The Network as a Complex Distributed System
The Network as a Complex Distributed System
Networks are of course inherently distributed systems. Most everyone that has managed a good sized network before knows that like the example in the article, minor changes in traffic or connectivity can have huge implications on the overall performance of a network. In my time supporting some very large networks I have seen huge chain reactions of events based on what appear to be some minor issues.
Very few networks are extensively modeled before they are implemented. Manufactures of machines, cars and many other things go through extensive modeling to understand the behaviors of what they created and their design choices. Using modeling they will look at all possible inputs and outputs, conditions, failure scenarios and anything else we can think of to see how their product behaves.
There are few if any true modeling tools for networks. We build networks with extensive distributed protocols to control connectivity and reachability. The protocols and their behaviors are fairly well understood and we design our networks based on our knowledge of how these protocols will react to failures. There is very little modeling of actual traffic or expected traffic patterns. We have all seen networks melt down because of forwarding loops, excessive multicast or broadcast that affect portions of the networks we had not expected it would affect. And a chain reaction of failures follows. I have seen single transceivers go through soft failures (lots of errors and intermittent link state) and bring large networks to their knees.
Of course we learn from our mistakes (mostly) and created protection mechanisms for the things we know can go wrong. We created “hello” based protocols to guard against those soft transceiver failures. We create rate limiting and overload protection mechanisms to guard against those broadcast and multicast storms. We have implemented dampening mechanisms in many of our protocols to ensure state transitions can be managed more gracefully.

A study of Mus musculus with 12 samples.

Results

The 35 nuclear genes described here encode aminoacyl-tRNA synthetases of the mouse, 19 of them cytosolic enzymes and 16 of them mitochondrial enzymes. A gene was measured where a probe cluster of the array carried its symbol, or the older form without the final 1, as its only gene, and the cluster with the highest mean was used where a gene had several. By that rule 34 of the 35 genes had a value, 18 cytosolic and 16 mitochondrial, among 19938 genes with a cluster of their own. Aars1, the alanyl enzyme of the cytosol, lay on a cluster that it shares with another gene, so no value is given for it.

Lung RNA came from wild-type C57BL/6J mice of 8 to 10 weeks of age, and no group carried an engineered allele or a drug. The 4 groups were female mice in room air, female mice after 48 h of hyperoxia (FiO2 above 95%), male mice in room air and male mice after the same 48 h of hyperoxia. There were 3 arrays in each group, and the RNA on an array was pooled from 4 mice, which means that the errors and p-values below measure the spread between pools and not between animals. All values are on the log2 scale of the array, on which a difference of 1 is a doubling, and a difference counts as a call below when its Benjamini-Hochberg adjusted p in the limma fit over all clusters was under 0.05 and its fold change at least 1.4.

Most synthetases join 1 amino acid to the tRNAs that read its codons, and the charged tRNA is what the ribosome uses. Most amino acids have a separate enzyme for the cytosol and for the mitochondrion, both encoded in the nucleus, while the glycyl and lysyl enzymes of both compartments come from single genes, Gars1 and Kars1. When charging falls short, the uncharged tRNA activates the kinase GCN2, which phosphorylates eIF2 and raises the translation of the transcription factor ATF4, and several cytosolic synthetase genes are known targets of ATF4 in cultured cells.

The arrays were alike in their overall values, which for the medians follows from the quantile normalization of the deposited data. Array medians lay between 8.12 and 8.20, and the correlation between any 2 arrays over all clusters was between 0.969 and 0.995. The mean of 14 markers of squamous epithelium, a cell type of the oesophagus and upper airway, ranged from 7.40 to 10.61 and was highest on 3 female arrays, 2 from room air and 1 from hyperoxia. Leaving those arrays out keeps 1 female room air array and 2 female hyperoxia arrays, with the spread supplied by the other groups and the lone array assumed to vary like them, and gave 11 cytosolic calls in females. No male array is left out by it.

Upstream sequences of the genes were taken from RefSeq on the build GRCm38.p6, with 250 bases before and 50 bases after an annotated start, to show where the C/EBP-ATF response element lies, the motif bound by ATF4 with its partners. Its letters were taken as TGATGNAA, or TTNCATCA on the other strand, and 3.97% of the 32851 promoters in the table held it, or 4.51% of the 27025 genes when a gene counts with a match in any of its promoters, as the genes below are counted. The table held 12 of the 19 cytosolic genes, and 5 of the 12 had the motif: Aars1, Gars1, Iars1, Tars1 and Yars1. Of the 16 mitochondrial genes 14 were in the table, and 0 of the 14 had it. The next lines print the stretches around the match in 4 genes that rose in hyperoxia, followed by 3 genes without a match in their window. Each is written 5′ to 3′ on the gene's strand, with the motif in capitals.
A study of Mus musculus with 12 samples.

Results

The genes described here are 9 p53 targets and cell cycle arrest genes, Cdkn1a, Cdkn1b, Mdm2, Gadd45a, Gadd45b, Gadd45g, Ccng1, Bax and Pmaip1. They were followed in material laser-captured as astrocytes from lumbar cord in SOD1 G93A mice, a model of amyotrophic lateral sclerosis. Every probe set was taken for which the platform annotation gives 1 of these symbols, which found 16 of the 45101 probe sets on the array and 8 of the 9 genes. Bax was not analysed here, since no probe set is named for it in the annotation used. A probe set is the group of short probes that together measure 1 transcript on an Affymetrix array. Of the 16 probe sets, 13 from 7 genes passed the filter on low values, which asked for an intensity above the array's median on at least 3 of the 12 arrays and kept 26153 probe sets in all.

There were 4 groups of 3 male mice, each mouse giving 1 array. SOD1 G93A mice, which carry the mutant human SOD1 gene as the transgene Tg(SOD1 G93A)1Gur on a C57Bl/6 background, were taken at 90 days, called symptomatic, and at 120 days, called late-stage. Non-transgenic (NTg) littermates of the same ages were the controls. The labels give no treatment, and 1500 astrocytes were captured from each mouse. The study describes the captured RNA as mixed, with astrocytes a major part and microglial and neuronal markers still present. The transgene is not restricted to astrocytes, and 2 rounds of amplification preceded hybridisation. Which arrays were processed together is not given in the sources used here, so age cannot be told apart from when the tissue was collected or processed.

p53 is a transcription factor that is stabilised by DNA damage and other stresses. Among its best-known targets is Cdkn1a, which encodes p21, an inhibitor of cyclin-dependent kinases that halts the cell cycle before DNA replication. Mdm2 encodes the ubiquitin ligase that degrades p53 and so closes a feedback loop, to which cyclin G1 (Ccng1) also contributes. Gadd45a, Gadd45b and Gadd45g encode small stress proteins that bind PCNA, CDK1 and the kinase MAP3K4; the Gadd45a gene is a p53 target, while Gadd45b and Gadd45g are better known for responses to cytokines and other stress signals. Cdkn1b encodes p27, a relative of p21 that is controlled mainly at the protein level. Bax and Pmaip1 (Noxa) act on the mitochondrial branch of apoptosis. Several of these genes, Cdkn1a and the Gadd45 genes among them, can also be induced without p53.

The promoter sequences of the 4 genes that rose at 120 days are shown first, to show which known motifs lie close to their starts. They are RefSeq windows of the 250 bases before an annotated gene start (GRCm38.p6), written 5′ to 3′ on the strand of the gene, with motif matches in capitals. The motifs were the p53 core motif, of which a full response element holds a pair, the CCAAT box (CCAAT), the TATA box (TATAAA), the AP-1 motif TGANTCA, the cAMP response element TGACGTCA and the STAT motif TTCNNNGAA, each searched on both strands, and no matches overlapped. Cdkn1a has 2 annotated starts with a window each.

But in the end, like the example in the article, we have created artificial limits and protection mechanisms. And they are based on the things we know, because they have hurt us in the past. Less protective but more pro-active, we have implemented hashing mechanisms in our networks to distribute the traffic. As explained, these are generic mechanisms that are designed for uniform best case scenarios. Provide it with less uniform traffic, and the expected distribution is not what we want it to be. The 2014 favorite example of “elephant flow” is perfect in how a single change in a network can drastically change its behavior and performance.
Yes, we have gotten better at protecting this distributed animal that is the network. We have stubbed our toes, bashed our heads and figured out how to protect against it. But we have not taken it to that next level of engineering. The network is a product. It is a highly distributed system where we know way too little about the inputs. We do not model the network and its behavior. We do not test its resiliency. I have asked this question before in this forum and to customers. Every customer has maintenance windows to do proactive maintenance on servers, OSs and the like. Every school and company has fire drills. I have yet to meet a single customer that actually schedules network failure drills to ensure that the resiliency designed into the distributed system actually performs as expected.
We have to start treating the network like the complex distributed system it is. That means that complex algorithms that manage the distribution of traffic and take failure scenarios into account need to be in charge of our networks. Local decision making based on partially complete information can never be enough to truly create a network that pushes the boundaries of what it is capable of. It is not easy, but we have to recognize what the network is. And then approach it with the right tools and methods to model and manage it.
Published at DZone with permission of Mike Bushong , DZone MVB. See the original article here.